13 April 2024 | 02:13 AM

Cow heap attracts Blue Scorpions

Key Takeaways

A controversial Free State dairy farm faces tough questions from the Blue Scorpions over the dumping of dead cows in a ditch near a river on the property.

The Blue Scorpions are the unit within the department of water affairs responsible for tackling water-related crimes.

Last week, the Mail & Guardian revealed that the R570-million project was set up with provincial government money, which was channelled to a private company, Estina, without following any supply-chain procedures.

The exposé was accompanied by gory pictures of a heap of cow carcasses in a gully a few metres away from a river that provides water to the residents of the town of Vrede.

The national department of water affairs says the Blue Scorpions started to investigate the dairy farm last week after a tip-off from a member of the public. Spokesperson Themba Khumalo said the investigation would focus on several issues, although the main one would be water pollution.

“That … violated the National Water Act. You cannot dump waste just anywhere, let alone near the river … By doing so, you are putting the downstream users at risk of contracting diseases, because some people don’t know that water is toxic as they use the water from the river for drinking, cooking and washing,” Khumalo said.

“They [whoever dumped the dead cattle] are in big trouble and serious steps will be taken against them.”

Smelly ditch

AmaBhungane visited the dairy farm last week and saw the smelly ditch infested with flies hovering over the carcasses.

But it is unlikely that the mystery surrounding the death of the cows will be solved soon. Residents nearby reported that, after the article was published, the carcasses were burnt and the ditch was covered up.

AmaBhungane has no proof that the cows belonged to or were dumped by Estina but the company failed to respond to allegations that it was responsible.

The regional state veterinarian, Mukelebai Mundia, said he was not told about the dead cows and had only read about it in the M&G.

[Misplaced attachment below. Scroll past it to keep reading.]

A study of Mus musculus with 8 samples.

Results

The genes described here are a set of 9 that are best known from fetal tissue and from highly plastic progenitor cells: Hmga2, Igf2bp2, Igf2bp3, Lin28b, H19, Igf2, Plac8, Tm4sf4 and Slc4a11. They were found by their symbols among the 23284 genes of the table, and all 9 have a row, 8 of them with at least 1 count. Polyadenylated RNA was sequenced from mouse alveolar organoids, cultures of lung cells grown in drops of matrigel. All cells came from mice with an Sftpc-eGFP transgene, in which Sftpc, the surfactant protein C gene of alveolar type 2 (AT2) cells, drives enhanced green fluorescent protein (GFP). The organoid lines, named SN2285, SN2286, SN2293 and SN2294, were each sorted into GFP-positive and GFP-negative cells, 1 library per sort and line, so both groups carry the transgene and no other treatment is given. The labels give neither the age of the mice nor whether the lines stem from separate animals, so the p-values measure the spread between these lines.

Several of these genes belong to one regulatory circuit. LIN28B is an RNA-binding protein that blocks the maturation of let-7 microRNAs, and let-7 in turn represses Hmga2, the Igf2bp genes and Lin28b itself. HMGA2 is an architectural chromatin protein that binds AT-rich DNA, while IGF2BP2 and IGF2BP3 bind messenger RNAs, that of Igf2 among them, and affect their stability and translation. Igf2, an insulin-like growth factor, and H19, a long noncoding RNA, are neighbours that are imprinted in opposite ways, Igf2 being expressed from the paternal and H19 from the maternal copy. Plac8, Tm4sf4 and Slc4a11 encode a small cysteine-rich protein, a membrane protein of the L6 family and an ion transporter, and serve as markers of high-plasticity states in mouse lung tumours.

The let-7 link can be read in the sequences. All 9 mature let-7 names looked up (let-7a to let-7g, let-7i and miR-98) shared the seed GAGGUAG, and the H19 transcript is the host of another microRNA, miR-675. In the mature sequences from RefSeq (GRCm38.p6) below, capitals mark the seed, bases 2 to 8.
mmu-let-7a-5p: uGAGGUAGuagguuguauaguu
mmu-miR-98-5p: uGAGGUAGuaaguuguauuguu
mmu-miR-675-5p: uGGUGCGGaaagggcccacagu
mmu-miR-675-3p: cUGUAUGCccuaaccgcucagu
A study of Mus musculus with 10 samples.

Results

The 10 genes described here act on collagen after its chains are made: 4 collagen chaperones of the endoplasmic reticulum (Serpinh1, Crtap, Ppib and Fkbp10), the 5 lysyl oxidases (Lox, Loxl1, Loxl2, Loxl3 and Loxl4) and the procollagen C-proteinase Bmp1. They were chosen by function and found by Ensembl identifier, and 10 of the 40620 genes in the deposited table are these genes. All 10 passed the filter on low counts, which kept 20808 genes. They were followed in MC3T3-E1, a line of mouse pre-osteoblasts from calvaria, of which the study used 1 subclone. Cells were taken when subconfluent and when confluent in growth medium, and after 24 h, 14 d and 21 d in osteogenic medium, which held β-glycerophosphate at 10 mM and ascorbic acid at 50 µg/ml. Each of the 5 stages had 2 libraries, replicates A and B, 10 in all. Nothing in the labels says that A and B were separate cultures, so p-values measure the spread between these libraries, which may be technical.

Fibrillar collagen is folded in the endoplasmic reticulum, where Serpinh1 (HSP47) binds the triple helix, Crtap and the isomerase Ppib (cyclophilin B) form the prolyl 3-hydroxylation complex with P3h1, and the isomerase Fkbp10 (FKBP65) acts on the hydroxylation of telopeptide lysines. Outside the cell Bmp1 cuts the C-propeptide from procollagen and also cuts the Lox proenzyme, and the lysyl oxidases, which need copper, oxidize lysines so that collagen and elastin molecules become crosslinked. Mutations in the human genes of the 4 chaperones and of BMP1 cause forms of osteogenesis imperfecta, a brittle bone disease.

He said that, according to the law, the farmer was not obliged to report the deaths to him if the cows died of a non-notifiable disease. But, in the interests of disease control, he would visit the site to see what was going on.

Khumalo said the department of water affairs was also investigating whether Estina had the necessary water-use licence.

But an official who checked the department of water affairs’s database told amaBhungane he could not find a water-user registration or licence for Estina or the farm.


An employee of the Vrede department of agriculture who did not want to be named said there was a lot of secrecy surrounding the project, and even top local officials did not know what was going on.

“No one even goes near the farm, even just to check how things are progressing,” the employee said. “We were told this is a provincial project and they will handle everything.”

The employee said this was strange as local officials inspected other projects and submitted progress reports to the province.

Estina does not appear to have been involved in agriculture before. Its sole director and shareholder is a computer sales manager, Kamal Vasram. The Vrede project itself is being managed by an Indian citizen, Chandrama Prasad Yadav.

Yadav is the former secretary to Uttar Pradesh chief minister Mulayam Singh Yadav, the brother of the current public works minister for Uttar Pradesh, Shivpal Singh Yadav, who was a guest at the infamous Gupta family wedding at Sun City.

The provincial government, the Gupta family and Vasram have all denied Gupta involvement in the project, save for a short consulting contract performed by Linkway Trading, a Gupta company.

Why the Free State is committed to pouring hundreds of millions rands into an untested company remains a mystery as the agriculture department and the office of Premier Ace Magashule have never responded to amaBhungane’s questions.

Vasram and Prasad have also ducked questions put to them by amaBhungane, including:

  • Allegations are that your cattle have been dying for the past few months and the dumping of carcasses has been happening since last year … Is this true?
  • Why did you burn the carcasses … Was it our article that encouraged you to do so?


Neither responded.


Magashule’s office responds

Free State premier Ace Magashule’s spokesperson, Mondli Mvambi, sent the following response after the Mail & Guardian had gone to print:

“We wish to draw your attention to the fact that we have complained to the Department of National Treasury about the fact that the transcription of an interview was allegedly given to Mail & Guardian.

“ENS has denied that they ever provided Mail & Guardian with a transcript and this has become a subject of their investigation.

“Before we can respond on all the allegations that the Mail & Guardian has made in an article published on February 7 to 13 2014 and subsequent follow up enquiry, we would like Mail & Guardian to tell us where and how they got the alleged transcript as its authenticity is in serious doubt.

“Furthermore, the allegations made against the Vrede Dairy Project are not true as the project is progressing very well.”

* Got a tip-off for us about this story? Email [email protected]

The M&G Centre for Investigative Journalism, a non-profit initiative to develop investigative journalism in the public interest, produced this story. All views are ours. See www.amabhungane.co.za for our stories, activities and funding sources.